Wednesday, September 5, 2012

IJC Extends Comment On Great Lakes Water Levels Study

Aug 30: The International Joint Commission (IJC) announced that it is inviting public comment via a bilingual public hearing by teleconference on the final report of its International Upper Great Lakes Study Board, Lake Superior Regulation: Addressing Uncertainty in Upper Great Lakes Water Levels. The teleconference will be held at 7:00 PM (EDT) on September 19, 2012 and will provide an opportunity to be heard for those who were not able to attend one of the 13 public hearings that the IJC conducted in upper Great Lakes communities during July 2012. The deadline for comments has also been extended to September 30th, 2012. Comments may also be submitted by email, in writing or via an online form.
    The report examines whether the regulation of outflows from Lake Superior through the compensating works and power dams on the St. Marys River at Sault Ste. Marie might be improved to take into consideration the evolving needs of users on Lakes Superior, Huron, Michigan and Erie. The report also examines the potential future impacts of climate change, a management strategy to better anticipate and respond to future extreme water levels, the feasibility and implications of restoring water levels in lakes Michigan-Huron and multi-lake regulation and its impacts throughout the Great Lakes-St. Lawrence system. 
    Access a release from IJC with additional details on commenting and the teleconference (click here). Access the report website for complete information and background (click here).

Aug 28: U.S. EPA announced seven Great Lakes Restoration Initiative (GLRI) grants, totaling over $2.6 million, to improve water quality at Great Lakes beaches in Michigan and Wisconsin. The grants were announced by EPA Region 5 Administrator and Great Lakes National Program Manager Susan Hedman at Samuel Myers Park in Racine, Wisconsin, at one of the beaches targeted for work under the grants. Hedman said, "These Great Lakes Restoration Initiative grants will improve water quality, allowing people to enjoy more days at Great Lakes beaches. The projects will make beaches safer, by eliminating harmful bacteria and other sources of contamination."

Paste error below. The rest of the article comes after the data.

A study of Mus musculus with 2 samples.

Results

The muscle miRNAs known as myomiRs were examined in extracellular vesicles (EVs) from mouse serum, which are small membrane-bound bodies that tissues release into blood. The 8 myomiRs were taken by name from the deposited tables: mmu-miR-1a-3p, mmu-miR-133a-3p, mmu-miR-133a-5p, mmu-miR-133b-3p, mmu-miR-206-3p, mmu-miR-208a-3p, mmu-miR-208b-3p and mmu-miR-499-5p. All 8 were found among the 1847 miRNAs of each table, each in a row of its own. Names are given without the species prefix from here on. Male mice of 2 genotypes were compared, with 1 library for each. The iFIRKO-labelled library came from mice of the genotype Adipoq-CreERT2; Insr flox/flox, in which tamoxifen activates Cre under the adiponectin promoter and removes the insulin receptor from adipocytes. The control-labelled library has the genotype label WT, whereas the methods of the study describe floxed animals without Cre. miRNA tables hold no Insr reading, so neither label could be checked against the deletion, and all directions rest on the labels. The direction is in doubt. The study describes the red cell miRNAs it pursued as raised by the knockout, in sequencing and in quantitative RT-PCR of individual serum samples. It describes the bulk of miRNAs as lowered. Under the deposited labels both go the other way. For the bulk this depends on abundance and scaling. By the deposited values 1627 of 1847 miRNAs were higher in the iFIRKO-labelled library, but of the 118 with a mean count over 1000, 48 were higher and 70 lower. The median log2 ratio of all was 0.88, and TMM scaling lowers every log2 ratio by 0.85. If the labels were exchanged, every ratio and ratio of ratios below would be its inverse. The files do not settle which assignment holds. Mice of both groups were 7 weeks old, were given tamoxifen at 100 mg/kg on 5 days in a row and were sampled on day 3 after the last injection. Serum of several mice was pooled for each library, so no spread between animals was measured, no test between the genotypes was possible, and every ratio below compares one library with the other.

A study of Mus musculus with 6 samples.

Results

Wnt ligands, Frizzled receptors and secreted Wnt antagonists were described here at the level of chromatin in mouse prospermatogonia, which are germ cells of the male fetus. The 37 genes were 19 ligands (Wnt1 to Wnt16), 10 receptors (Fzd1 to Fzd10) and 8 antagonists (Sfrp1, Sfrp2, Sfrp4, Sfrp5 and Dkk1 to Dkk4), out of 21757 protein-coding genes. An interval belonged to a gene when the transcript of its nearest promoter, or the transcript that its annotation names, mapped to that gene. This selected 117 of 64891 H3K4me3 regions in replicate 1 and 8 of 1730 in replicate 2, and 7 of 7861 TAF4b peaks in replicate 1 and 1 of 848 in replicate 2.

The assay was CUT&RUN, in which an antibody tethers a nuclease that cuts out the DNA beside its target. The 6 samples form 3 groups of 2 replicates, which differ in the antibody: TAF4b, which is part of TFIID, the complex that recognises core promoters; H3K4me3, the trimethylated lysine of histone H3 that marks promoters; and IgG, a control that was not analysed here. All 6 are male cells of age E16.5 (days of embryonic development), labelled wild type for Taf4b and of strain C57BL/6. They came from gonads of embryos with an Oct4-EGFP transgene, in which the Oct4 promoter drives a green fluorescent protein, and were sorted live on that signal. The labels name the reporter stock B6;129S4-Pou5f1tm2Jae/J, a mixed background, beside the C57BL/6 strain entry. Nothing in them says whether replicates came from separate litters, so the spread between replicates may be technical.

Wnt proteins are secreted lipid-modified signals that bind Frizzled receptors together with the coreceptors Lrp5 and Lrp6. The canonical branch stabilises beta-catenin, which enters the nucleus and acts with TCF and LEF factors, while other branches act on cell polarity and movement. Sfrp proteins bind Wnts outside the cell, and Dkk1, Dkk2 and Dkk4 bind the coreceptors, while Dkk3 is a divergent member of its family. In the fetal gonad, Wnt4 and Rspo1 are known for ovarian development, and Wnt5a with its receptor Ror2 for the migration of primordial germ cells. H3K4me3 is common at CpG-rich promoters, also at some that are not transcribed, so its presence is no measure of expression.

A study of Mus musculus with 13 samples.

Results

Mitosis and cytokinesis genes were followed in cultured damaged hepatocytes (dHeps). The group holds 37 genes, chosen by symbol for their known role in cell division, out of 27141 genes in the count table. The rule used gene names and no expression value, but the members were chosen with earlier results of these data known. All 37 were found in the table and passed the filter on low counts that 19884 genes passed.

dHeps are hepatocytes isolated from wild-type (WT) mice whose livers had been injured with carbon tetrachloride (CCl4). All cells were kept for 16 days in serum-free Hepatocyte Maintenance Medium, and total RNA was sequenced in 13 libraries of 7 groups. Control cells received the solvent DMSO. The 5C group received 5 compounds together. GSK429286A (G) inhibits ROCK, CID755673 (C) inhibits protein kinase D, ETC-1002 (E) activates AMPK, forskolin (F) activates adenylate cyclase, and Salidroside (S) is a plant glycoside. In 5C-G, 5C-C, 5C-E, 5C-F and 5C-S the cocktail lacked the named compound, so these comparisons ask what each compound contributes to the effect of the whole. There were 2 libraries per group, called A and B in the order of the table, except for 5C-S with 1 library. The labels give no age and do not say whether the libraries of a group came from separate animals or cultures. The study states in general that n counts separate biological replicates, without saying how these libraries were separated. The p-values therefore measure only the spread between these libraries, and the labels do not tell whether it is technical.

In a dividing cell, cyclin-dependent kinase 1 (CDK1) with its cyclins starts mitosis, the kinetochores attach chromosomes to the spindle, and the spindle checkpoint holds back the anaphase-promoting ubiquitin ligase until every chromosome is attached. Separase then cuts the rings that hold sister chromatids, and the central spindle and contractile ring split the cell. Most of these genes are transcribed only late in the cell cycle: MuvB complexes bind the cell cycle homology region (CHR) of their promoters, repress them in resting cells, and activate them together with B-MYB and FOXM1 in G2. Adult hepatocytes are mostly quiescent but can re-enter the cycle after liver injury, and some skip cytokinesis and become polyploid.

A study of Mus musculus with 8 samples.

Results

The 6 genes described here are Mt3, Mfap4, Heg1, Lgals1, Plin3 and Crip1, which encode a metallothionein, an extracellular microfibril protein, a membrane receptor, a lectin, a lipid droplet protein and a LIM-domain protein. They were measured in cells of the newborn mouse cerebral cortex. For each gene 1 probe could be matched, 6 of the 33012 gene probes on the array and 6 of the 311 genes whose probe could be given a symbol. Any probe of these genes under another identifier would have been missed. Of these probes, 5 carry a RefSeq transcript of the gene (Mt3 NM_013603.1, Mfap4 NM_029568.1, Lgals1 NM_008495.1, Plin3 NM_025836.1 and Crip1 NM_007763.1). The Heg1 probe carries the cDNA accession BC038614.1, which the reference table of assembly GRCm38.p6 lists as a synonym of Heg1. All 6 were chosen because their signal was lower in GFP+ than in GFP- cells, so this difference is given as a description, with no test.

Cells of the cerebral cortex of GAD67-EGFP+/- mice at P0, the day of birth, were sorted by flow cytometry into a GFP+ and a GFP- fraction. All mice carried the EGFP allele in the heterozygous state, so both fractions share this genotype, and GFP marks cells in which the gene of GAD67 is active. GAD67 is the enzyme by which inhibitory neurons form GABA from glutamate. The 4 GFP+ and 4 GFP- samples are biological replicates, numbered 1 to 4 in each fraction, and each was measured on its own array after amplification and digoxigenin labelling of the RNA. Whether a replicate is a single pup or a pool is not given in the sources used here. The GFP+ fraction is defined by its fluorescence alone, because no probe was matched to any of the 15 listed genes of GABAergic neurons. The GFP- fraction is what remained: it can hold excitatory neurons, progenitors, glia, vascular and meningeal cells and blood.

Over the last three years, GLRI has provided more than $29 million for 78 projects to protect and restore Great Lakes beaches. This funding has paid for sanitary surveys at 400 beaches, allowing beach managers to identify contamination sources and to implement projects that reduce or eliminate pollution. The GLRI has also funded eight projects to better forecast beach conditions and to develop technologies such as Smartphone apps to issue real-time alerts about swimming bans and beach closures. The seven projects announced include:

  • $1 million (two grants of $500,000 each) to the University of Wisconsin Oshkosh to redesign eight Wisconsin beaches to reduce bacteria levels, resulting in fewer swimming bans and beach closures. The beaches are: Red Arrow Park Beach, Marinette; Crescent Beach, Algoma; Red Arrow Park Beach, Manitowoc; Thompson West End Park, Washburn; Grant Park, South Milwaukee; Samuel Myers Park, Racine; and Simmons Island and Eichelman Parks, Kenosha.
  • $179,700 to the City of Marquette, Michigan, to lower health risks and to improve water quality at two Lake Superior beaches in Marquette by using green management practices to reduce contamination.
  • $500,000 to the City of Marysville, Michigan, to install rain gardens and other green infrastructure to reduce contaminated stormwater runoff and to deter geese at Chrysler Beach on the St. Clair River.
  • $500,000 to the Huron-Clinton Metropolitan Authority for green infrastructure to reduce contaminated stormwater runoff at Lake St. Clair Metropark (Metro Beach.)
  • $217,015 to MDEQ to construct rain gardens, plant native grass and install a filtration system to improve water quality and reduce health risks at Sherman Park and Four Mile beaches in Sault Ste. Marie.
  • $263,188 to MDEQ to build a green stormwater infiltration system at New Buffalo City Beach to reduce bacteria and nutrient levels.
    Access a release from EPA with further details on each project (click here).